Oh Deer: Three Mistakes That Could Be Preventing A Successful Hunt


1. Spooking the Deer with Your Scent

Deer are extremely sensitive to different scents, so much so that they have the ability to detect and react to the scent of a human from as far away as 100 yards, possibly even farther under ideal conditions. This means you'll want to mask your scent as effectively as possible. If you can, grab some dirt and leaves during a hunting trip and place them in a plastic container. Then place your hunting clothes in the container after the hunt. This way, the next time you hunt in that area your hunting clothes will have natural scents that won't make deer suspicious. It's also a good idea to bathe just before your hunting trips, but be sure not to use any strong-smelling soap or shampoo. 

It's important not to underestimate a deer's sense of smell, but don't forget about their other senses either. It may be wise to hunt when light is bright, as deer can see much better in low light than humans can. And remember that even if a deer spots you, remaining motionless may keep it from bolting. As far as hearing goes, it's practically impossible to prevent a deer from hearing your approach, so still-hunting is the name of the game.

2. Preparing Inadequately

A few hunters might think that going in blind will make the hunt more exciting or spontaneous, but experienced hunters know that proper preparation is key to a productive hunt. This includes not only having the right kind of gear and supplies (and enough of them), but also knowing what to expect in the area where you're hunting. What are the chances you'll run into foul weather? What is the terrain like? How big is the local deer population? Could other animals, like bears, possibly be a danger or hindrance during the hunt? The best ways to get answers to these questions are to ask locals like forest rangers and other frequent hunters. You could even take the technology route and search for aerial views of your hunting location online.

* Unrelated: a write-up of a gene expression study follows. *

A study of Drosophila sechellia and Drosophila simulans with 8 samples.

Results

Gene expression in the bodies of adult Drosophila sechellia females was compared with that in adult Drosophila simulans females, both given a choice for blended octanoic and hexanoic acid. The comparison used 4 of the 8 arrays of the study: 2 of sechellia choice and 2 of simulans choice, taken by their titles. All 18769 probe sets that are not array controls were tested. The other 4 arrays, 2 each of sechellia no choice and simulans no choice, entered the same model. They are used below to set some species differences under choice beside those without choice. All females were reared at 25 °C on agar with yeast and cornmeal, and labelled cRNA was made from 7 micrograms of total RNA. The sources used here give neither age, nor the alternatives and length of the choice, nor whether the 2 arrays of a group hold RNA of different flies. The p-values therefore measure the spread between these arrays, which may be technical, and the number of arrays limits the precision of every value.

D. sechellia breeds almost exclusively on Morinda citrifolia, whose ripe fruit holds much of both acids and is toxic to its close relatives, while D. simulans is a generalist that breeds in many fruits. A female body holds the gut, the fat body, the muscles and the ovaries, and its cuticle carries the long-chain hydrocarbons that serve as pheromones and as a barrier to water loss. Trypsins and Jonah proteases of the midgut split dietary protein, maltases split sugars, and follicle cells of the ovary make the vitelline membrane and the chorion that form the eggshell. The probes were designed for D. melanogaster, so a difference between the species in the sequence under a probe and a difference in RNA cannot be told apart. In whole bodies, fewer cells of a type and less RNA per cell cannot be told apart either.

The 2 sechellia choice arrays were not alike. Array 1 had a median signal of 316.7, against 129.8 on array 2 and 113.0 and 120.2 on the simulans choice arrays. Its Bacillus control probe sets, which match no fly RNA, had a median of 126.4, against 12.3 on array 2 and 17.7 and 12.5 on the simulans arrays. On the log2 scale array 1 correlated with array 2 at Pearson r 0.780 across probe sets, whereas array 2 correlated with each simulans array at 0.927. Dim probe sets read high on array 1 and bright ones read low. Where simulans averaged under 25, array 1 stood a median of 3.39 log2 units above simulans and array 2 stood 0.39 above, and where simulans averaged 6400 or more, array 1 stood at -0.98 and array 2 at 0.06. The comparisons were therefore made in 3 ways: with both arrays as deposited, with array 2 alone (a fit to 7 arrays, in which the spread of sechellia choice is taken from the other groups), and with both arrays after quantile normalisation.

As far as hunting supplies go, consider bringing the following:

  • Doe estrous to attract bucks
  • Tick repellent when hunting during the summer
  • A full body safety harness if you're hunting from a tree stand
  • A durable rifle scope with high resolving power

If you hunt with muzzleloaders, bring some electrical tape to place over the barrel in the case of wet weather. This prevents moisture from getting inside the barrel, and you can actually shoot through the tape.

3. Not Understanding What You're Hunting

How much do you know about whitetail deer? Do you know what their preferred food sources are throughout each season? Do you know how they'll react to specific sights, sounds, and smells? If you don't know much about what you're hunting, your chances for success will stay low. This means not only learning about the habits and nature of deer through books and asking other hunters, but also spending a great deal of time carefully observing them yourself. You may want to spend a good portion of your next hunt simply learning more about your targets. The more you know, the easier they'll be to hit.